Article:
Club Founded for Jews With Nowhere to Golf May Reject Obama Over Israel Policy, N.Y. Post Reports

Exclusive Woodmont Country Club offered Obama a free membership worth $80,000 but could now reportedly withdraw it.

U.S. President Barack Obama lines up a putt on the first green at the Farm Neck Golf Club in Oak Bluffs, Massachusetts, U.S.Credit: Matthew Healey/Bloomberg

If U.S. President Barack Obama was hoping to pursue a golfing career after leaving office on January 20, he may not be able to practice on his course of choice, according to a New York Post report, all thanks to his policy toward Israel.

Obama has been planning to join the highly exclusive Woodmont Country Club in Maryland after leaving the White House, and was even offered a free membership, bypassing the $80,000 initiation fee expected of applicants.

The club is mostly Jewish however, and "In light of the votes at the UN and the (Secretary of State John) Kerry speech and everything else, there's this major uproar with having him part of the club, and a significant portion of the club has opposed offering him membership," the New York Post quoted a source as saying.

"Can you imagine how angry I would be if I had paid $80,000 to have to look at this guy who has done more to damage Israel than any president in American history?" an official from a Jewish organization in Washington told the Post.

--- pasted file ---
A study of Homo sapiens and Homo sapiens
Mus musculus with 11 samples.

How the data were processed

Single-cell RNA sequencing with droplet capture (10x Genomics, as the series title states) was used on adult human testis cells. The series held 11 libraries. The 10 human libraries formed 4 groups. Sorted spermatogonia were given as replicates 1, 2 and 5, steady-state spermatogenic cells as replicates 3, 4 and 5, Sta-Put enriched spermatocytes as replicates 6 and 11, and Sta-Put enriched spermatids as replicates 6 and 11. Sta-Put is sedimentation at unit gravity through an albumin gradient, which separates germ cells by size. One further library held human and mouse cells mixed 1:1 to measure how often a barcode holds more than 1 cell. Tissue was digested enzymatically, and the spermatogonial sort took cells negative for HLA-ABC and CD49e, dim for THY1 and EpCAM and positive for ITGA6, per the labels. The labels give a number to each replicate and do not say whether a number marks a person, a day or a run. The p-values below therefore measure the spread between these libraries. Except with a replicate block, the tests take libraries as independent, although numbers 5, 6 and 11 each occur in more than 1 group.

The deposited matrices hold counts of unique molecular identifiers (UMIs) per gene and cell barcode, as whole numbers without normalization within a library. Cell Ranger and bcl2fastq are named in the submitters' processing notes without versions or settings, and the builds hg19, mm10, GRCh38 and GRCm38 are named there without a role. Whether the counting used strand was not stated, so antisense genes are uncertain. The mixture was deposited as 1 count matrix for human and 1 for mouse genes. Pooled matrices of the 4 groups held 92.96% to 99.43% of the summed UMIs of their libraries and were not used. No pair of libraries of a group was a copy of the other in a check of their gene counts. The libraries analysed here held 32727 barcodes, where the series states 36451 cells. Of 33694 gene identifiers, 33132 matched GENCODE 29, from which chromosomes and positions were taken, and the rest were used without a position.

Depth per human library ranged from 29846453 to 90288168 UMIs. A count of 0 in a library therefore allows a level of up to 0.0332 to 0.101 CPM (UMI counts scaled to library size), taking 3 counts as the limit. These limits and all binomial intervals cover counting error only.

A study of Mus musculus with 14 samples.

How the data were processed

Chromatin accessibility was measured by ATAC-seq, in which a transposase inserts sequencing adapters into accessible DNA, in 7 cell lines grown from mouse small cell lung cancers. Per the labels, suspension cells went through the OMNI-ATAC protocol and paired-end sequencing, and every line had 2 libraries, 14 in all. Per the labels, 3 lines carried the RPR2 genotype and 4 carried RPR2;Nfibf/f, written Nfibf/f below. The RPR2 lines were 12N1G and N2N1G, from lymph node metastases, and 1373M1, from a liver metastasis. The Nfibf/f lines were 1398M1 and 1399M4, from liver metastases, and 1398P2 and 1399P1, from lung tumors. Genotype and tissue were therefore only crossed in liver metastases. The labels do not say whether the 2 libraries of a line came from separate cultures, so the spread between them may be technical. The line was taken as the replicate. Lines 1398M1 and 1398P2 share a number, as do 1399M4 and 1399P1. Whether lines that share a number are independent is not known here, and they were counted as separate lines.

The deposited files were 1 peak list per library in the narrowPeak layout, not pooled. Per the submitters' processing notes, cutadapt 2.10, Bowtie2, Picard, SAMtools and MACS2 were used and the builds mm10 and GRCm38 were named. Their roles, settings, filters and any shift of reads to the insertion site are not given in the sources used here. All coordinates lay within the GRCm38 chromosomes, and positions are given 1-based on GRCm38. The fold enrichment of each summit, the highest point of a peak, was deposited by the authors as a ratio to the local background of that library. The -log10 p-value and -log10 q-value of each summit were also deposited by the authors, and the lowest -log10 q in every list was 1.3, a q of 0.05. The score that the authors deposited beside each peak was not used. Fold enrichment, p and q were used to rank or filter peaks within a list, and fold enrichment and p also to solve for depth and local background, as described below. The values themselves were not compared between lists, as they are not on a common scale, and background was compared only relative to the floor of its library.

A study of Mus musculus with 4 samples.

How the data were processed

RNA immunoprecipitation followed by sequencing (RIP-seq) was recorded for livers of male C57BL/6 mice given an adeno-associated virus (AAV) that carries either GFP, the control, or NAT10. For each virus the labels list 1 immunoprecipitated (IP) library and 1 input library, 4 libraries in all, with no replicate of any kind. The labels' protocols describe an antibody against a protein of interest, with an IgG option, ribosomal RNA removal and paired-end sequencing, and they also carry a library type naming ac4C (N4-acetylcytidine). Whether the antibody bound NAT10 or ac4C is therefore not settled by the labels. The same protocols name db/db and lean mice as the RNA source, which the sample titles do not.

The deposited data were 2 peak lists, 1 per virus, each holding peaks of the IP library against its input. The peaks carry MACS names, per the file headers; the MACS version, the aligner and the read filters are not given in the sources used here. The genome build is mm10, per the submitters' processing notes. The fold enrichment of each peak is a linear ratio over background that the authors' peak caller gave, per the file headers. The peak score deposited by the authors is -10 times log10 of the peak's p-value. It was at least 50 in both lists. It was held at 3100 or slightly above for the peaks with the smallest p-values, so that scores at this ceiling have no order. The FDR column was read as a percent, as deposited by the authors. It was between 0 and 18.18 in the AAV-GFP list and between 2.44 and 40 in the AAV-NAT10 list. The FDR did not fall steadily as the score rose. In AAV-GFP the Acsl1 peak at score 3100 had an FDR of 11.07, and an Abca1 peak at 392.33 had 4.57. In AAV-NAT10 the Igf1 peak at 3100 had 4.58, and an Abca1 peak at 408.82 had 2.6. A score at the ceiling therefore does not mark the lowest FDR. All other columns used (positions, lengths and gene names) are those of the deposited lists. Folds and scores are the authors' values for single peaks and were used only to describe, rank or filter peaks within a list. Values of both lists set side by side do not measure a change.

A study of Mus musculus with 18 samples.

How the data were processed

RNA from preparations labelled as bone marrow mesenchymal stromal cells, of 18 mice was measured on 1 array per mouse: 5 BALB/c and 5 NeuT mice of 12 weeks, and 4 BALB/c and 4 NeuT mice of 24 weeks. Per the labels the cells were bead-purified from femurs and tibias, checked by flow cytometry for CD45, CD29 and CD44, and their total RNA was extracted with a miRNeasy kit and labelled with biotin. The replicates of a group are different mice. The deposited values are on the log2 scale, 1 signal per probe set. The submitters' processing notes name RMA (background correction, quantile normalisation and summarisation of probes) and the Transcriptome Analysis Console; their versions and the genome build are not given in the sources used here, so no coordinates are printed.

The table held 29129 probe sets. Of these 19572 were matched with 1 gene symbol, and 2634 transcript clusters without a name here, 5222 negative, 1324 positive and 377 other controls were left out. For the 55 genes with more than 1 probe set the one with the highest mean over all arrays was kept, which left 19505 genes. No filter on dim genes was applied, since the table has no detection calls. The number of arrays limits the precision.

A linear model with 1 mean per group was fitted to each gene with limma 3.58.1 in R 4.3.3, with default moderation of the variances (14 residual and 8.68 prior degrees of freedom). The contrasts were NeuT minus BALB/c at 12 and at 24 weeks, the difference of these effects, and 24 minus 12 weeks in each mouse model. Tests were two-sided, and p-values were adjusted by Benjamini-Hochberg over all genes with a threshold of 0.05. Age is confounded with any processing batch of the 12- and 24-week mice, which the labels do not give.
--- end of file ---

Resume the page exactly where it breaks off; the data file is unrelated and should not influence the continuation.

The report also pointed out the irony of Woodmont's beginnings. Founded in 1913 by the D.C.-area Jewish community, it drew a crowd that was banned at other clubs for being Jewish.

Obama has met sharp criticism from the Israeli government and some U.S. Jews as well for choosing to abstain from a recent UN Security Council vote against Israeli settlements in the West Bank, a move considered by many to have been anti-Israel. Kerry gave a speech after the UN vote and singled out the settlements for criticism as well, adding to the resentment of some Israelis and American Jews.

Obama warned in an interview broadcast Tuesday that "unfettered support" for Israel's settlement policies would lead to a "worsening situation" over time between Israelis and Palestinians.

"If the notion is that unfettered support for Israel or more specifically support for the Netanyahu government's policies — no matter what they are, no matter how inimical they may be to the prospects for peace — if that's what qualifies as a good friend, then I think that we will see a worsening situation over time," Obama told Israeli s during the interview with the Channel 2 "Uvda" program, filmed in Washington last week.